London is very nearly a 24-hour city. For many, the introduction of the Night Tube later this year will be the final piece in the puzzle.
But with this evolution, comes challenges. Not least for the police and maintaining the current relatively low crime rates on London’s transport networks.
Transport for London (TfL) has said the Night Tube will be patrolled by a minimum of 100 police officers from the British Transport Police. But is this enough to ensure the safety of passengers at the 144 stations that will be open all night?
A further concern is the worrying rise in the number of reported sexual offences across the transport network last year. Sexual offences rose by 30 per cent compared to the previous year.
A survey by TfL found that around 15 per cent of Londoners had experienced unwanted sexual behaviour on the transport network, and 90 per cent of victims did not report it to the police. Will the Night Tube exacerbate this problem?
The police and TfL have already taken proactive steps to tackle the rise in sexual offences. In 2013, the Met Police, TfL, the British Transport Police and City of London Police launched a joint initiative called Project Guardian.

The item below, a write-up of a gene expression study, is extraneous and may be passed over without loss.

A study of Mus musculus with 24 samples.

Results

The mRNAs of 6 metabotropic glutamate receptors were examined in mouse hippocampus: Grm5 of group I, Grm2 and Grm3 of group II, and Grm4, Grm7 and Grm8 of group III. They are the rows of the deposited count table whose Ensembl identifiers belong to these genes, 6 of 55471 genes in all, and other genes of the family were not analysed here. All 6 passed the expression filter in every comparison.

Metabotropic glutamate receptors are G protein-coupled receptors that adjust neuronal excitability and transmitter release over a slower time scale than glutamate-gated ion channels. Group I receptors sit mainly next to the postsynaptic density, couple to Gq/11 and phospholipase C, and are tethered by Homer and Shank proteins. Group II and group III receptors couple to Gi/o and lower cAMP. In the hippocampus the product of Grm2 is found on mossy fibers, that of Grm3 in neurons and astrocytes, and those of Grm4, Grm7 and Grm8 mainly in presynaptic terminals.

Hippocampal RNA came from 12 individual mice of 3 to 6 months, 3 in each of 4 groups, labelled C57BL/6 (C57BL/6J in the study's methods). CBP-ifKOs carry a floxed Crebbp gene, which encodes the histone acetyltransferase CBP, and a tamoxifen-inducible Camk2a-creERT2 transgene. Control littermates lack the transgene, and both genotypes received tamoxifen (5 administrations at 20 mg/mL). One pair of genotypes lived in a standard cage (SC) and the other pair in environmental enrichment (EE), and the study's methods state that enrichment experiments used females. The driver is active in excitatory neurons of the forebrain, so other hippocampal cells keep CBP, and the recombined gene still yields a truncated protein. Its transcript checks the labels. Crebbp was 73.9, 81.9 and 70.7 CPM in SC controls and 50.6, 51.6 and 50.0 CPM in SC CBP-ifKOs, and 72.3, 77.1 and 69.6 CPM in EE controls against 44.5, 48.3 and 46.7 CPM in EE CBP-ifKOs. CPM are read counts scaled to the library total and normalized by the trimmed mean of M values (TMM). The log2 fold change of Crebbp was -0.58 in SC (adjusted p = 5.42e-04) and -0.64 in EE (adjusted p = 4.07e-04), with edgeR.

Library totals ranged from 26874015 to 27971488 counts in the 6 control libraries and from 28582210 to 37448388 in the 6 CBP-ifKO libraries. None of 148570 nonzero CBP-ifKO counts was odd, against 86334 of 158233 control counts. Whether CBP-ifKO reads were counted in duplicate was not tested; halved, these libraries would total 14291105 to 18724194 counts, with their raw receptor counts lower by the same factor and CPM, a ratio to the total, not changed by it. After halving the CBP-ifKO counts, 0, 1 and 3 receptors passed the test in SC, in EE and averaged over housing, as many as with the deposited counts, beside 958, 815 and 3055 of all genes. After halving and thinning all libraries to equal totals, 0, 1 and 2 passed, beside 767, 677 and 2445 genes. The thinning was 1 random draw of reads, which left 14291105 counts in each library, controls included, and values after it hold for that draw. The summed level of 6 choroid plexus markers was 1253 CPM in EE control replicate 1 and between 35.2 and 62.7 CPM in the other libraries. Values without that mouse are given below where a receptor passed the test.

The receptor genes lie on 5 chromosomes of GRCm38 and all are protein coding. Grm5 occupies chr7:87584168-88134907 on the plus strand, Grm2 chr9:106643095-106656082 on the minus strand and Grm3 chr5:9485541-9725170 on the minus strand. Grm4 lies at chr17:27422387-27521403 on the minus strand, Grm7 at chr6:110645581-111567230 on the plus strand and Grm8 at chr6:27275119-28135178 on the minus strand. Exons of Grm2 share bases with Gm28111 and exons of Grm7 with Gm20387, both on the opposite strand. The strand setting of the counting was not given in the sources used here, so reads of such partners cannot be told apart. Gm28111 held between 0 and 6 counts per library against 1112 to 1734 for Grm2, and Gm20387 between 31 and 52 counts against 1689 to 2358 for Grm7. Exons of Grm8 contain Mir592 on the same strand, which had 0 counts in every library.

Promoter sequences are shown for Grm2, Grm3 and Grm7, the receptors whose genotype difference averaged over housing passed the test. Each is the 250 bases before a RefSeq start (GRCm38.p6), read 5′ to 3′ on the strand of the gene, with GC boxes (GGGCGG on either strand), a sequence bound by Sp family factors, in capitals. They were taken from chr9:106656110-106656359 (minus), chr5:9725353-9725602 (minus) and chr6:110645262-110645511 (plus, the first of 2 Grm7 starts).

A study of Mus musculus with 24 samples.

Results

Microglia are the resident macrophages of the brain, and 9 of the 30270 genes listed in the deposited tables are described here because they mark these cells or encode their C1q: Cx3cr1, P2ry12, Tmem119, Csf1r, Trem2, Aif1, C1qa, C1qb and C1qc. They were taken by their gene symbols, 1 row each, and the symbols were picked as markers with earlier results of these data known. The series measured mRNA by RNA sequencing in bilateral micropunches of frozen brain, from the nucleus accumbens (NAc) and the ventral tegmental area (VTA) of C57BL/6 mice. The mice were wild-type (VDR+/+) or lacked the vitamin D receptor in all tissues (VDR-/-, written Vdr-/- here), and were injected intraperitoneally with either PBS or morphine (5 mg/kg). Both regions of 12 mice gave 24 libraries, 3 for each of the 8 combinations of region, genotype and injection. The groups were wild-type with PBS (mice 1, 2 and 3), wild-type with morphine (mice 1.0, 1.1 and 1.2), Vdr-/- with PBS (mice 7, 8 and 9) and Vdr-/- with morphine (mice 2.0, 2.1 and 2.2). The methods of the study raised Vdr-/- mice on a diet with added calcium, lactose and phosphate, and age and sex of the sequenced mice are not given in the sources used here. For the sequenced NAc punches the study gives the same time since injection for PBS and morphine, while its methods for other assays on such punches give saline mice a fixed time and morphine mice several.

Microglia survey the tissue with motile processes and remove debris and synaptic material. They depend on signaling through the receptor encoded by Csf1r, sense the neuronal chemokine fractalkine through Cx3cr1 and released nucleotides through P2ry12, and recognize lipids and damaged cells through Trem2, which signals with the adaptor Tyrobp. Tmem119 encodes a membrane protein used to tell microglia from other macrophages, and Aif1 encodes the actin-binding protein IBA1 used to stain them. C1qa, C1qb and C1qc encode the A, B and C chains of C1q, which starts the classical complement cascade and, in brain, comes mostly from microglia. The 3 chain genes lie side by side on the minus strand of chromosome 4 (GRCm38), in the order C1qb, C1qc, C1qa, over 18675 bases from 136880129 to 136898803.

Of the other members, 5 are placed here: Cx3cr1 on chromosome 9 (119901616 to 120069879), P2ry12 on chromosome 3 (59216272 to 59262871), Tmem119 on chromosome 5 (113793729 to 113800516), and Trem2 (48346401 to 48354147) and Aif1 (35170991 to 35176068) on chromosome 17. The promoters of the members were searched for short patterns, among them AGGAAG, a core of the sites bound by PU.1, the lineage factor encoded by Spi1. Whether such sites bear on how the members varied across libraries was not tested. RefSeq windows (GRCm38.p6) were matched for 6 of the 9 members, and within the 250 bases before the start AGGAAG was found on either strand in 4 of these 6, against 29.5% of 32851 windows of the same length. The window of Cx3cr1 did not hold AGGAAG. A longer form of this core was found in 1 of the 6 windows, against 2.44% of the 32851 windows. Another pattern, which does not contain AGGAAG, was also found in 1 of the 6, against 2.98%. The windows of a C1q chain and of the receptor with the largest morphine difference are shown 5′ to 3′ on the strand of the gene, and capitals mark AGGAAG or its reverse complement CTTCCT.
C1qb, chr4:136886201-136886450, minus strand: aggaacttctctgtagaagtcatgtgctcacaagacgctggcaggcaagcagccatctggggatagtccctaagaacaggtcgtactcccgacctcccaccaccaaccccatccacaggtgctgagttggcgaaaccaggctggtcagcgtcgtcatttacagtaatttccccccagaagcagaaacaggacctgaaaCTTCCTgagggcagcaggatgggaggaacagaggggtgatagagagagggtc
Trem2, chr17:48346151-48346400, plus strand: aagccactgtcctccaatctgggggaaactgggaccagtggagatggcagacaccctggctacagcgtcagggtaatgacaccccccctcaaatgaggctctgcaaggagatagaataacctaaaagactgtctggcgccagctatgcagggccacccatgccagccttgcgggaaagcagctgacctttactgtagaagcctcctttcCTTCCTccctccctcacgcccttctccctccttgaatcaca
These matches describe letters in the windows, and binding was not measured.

Its aim was to reduce sexual assault and unwanted sexual behaviour on public transport and to increase public confidence in reporting it.
The rise in reported sexual offences could be a result of the work of Project Guardian, with more victims feeling reassured enough to come forward. But as London emerges as a truly 24-hour city, the police and TfL know they cannot afford to be complacent.
The London Assembly Police and Crime Committee has launched an investigation to examine the work of Project Guardian and the potential risks linked to the introduction of the Night Tube.
We will also explore how the growth of London’s population in the coming years will place increasing demands on the transport system. According to TfL, demand for the tube has soared, with passenger numbers on Friday and Saturday nights up by 70 per cent since 2000.
We are aware of the important role the taxi and private hire industries play in London’s public transport network. However, a lack of licensed taxi and private hire services can lead people to make unsafe transport choices. Crime associated with these services is also a concern.
In particular, a report by the London Assembly Transport Committee, Future proof, found there were issues with the shortage of taxi ranks, touting, the lack of enforcement against illegal activity and whether resources are being targeted effectively.
There are clearly many questions to be answered so we welcome contributions from anyone with a view on these areas of investigation.
You can find out more by visiting our website or you can get in touch with our Scrutiny Manager firstname.lastname@example.org.
Joanne McCartney AM is Chair of the London Assembly Police and Crime on Committee.